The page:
Cypress, fruit © Paula Côrte-Real

Cypress

Cupressus sempervirens

Family and description

From the Cupressaceae family, Cupressus genus, the Cypress is a coniferous evergreen tree that can grow to be 30 m tall.

This is a very long-lived species, with some trees reported to be over 1000 years old.

It has a conical crown, of intense green. The trunk is grayish brown and finely knotted.

It is a monoecious species – with the production of male and female flowers on the same tree.

The fruits – cones – are green, have a globose-elliptical shape and are about 3 to 4 cm long and release pollen in late winter. They become nuts when maturing in the summer, about 20–24 months after pollination. The seeds serve as food for some animals.

 

Origin and habitat

Native to the eastern Mediterranean region, it has been cultivated since antiquity. It is considered one of the plants that best invokes the Mediterranean landscape.

It is very resistant to drought and extreme temperatures, especially high summer temperatures. It can grow on all types of soils, except in saline or waterlogged soils, requiring good sun exposure and good drainage conditions.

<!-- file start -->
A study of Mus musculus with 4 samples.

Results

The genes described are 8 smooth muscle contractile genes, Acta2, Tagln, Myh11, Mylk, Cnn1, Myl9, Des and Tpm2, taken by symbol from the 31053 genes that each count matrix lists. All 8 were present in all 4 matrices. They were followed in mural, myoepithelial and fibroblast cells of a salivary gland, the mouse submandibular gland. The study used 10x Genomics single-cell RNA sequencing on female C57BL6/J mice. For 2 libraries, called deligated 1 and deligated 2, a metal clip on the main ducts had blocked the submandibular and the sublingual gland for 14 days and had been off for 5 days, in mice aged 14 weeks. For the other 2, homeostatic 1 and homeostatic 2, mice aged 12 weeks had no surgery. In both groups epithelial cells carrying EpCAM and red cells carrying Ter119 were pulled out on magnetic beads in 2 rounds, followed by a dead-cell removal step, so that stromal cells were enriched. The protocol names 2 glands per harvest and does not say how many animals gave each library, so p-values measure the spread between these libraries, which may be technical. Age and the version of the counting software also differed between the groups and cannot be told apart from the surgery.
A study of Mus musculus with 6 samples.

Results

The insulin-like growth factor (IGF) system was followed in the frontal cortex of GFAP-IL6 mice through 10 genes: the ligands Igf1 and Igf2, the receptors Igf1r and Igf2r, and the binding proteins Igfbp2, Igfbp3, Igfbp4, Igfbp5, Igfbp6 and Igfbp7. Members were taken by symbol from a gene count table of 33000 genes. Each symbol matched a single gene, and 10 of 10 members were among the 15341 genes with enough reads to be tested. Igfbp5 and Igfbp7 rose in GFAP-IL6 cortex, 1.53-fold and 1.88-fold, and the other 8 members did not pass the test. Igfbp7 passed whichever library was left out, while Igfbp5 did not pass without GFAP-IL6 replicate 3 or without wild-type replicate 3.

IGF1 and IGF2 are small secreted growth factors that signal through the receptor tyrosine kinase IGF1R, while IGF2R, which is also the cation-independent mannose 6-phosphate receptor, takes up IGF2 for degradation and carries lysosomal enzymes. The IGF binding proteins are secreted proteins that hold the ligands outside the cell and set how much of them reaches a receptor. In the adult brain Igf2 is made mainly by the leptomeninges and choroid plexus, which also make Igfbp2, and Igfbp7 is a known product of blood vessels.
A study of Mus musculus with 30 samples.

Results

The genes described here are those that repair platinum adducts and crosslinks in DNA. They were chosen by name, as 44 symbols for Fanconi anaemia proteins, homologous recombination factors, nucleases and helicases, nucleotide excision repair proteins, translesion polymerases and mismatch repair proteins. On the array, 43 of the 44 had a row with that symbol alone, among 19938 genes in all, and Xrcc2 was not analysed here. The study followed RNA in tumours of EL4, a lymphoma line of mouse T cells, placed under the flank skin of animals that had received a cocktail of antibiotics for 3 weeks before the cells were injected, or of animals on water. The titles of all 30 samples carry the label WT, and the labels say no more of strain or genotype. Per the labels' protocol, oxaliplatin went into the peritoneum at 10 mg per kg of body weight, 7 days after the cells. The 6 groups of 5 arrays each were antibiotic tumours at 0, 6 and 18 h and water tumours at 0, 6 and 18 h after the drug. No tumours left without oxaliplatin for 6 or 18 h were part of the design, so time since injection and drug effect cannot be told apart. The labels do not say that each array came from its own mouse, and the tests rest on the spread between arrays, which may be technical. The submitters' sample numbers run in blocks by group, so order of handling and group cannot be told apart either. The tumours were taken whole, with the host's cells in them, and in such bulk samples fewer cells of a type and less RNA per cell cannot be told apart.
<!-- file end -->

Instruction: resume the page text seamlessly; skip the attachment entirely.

Uses and curiosities

This tree is very resistant to pruning and therefore is often used to make hedges, visual barriers and windbreaks.

Its wood, very fine and aromatic, even when dry, is very much appreciated for furniture, crafts, carving, manufacture of musical instruments, etc. This wood was used to build some Egyptian and Phoenician sarcophagi and,

according to legend, was used in the construction of Noah’s Ark and Solomon’s Temple.

The conical form of this tree is associated to the Christian funerary tradition, but, in reality it has been successively transferred from one culture to another (Syrian, Egyptian, Greek and Roman).

In the Gulbenkian Garden, some specimens can be found in the northeast area, next to the small lake.